How Fiber Works

You’ve probably heard fiber is important, but do you know how it works to help keep you full?


Mouth: The gatekeeper.

Some fiber-rich foods may increase the time and effort spent chewing – and, both of these may be the first steps to improved fullness. One of the reasons why increased chewing may influence satiety is because chewing increases saliva production and potentially leads to a larger volume of food and fluids entering the stomach.

Stomach: The holding tank.

Certain types of fiber may empty from the stomach into the small intestine more slowly than others. And, slow steady emptying may contribute to greater feelings of satiety.

Small Intestine: The traffic cop.

Certain types of fiber may empty from the stomach into the small intestine more slowly than others. And slow, steady digestion may help contribute to greater satiety because food & fiber can take longer to move from the small intestine into the large intestine. It’s possible that prolonged transit time means the nutrients (carbohydrate, proteins, and fats) associated with the fibers are digested and absorbed more slowly.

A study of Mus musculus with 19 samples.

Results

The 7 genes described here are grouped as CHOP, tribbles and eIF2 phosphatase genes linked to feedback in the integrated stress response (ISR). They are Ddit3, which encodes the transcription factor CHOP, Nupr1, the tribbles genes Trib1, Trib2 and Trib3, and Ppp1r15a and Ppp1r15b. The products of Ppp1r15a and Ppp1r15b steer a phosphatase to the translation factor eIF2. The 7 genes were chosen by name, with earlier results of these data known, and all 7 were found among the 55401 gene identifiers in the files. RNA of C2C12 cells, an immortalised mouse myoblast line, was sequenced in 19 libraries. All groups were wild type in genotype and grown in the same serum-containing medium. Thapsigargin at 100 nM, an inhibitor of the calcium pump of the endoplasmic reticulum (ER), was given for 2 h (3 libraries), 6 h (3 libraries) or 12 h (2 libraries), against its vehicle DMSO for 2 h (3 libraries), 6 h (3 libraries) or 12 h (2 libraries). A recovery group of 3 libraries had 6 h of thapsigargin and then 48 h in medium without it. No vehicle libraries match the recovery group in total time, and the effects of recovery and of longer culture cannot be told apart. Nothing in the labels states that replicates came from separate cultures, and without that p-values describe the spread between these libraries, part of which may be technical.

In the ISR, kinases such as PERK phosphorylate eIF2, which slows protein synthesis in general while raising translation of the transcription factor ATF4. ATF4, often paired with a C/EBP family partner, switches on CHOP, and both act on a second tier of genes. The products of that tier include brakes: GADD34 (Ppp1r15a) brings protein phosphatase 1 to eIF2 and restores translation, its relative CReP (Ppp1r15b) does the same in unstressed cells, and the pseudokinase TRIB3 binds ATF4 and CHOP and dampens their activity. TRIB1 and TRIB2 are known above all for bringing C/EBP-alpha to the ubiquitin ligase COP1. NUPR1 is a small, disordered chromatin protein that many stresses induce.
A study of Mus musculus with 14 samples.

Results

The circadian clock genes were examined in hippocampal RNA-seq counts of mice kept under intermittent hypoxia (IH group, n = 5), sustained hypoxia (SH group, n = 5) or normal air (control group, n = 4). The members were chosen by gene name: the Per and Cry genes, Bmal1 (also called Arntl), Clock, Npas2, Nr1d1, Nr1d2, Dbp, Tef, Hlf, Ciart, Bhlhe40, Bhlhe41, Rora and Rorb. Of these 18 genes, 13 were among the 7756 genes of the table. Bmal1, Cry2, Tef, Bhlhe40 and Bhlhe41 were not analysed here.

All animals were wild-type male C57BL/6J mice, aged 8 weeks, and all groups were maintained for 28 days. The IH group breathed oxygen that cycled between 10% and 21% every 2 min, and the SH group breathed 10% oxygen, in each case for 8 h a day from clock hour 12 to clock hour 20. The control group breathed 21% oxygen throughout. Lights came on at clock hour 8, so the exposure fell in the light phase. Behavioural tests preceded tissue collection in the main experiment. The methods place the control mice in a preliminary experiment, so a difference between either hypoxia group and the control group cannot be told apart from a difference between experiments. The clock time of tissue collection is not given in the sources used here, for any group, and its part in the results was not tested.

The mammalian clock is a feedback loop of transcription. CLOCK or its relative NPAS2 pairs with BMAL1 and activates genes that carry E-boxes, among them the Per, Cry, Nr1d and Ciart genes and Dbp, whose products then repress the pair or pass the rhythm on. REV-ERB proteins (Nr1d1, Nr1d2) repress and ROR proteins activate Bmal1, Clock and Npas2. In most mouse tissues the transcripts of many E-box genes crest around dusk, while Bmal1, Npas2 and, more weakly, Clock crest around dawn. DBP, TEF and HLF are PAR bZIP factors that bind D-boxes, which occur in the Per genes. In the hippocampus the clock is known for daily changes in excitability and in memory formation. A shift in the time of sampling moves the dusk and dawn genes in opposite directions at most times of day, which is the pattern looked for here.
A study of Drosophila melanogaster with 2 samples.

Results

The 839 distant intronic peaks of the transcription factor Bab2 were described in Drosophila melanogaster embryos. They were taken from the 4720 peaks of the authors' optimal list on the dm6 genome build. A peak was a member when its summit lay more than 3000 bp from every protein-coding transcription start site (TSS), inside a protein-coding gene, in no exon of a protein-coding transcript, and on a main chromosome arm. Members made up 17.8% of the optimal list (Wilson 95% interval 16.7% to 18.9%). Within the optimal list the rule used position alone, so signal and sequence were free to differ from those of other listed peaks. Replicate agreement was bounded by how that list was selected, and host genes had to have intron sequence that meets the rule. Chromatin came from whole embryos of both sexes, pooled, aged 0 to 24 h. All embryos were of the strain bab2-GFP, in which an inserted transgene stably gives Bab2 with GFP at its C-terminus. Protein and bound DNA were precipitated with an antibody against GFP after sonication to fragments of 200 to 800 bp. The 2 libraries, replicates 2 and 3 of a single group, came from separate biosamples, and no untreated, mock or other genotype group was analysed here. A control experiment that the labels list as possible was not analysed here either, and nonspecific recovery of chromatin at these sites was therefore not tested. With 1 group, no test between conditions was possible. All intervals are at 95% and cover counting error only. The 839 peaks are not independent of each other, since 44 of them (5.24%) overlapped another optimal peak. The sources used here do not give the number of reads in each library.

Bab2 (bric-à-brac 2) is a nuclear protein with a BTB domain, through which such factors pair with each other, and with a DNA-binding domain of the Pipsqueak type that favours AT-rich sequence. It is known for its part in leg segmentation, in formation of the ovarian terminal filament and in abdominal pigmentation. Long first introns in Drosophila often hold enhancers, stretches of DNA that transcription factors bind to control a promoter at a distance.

Large Intestine: The final stretch.

When fiber reaches the large intestine, good bacteria are ready and waiting to break it down. As the fiber is broken down, it is hypothesized that this process may contribute to improved satiety.

Brain: The control center.

As food moves through the digestive tract, many satiety-related signals are sent to the brain. Research indicates that some fiber-rich foods may play a special role in triggering the release of these satiety-related signals. This process is important since the brain is a key appetite regulating center of the body.

References:

  1. Slavin JL. Nutrients. 2013;5:1417-1435.
  2. Wanders AJ et al. Obes Rev. 2011;12(9):724-39.
  3. Kristensen M et al. Appetite. 2011;56(1):65-70.
  4. Howarth NC et al. Nutr Rev. 2001;59(5):129-39.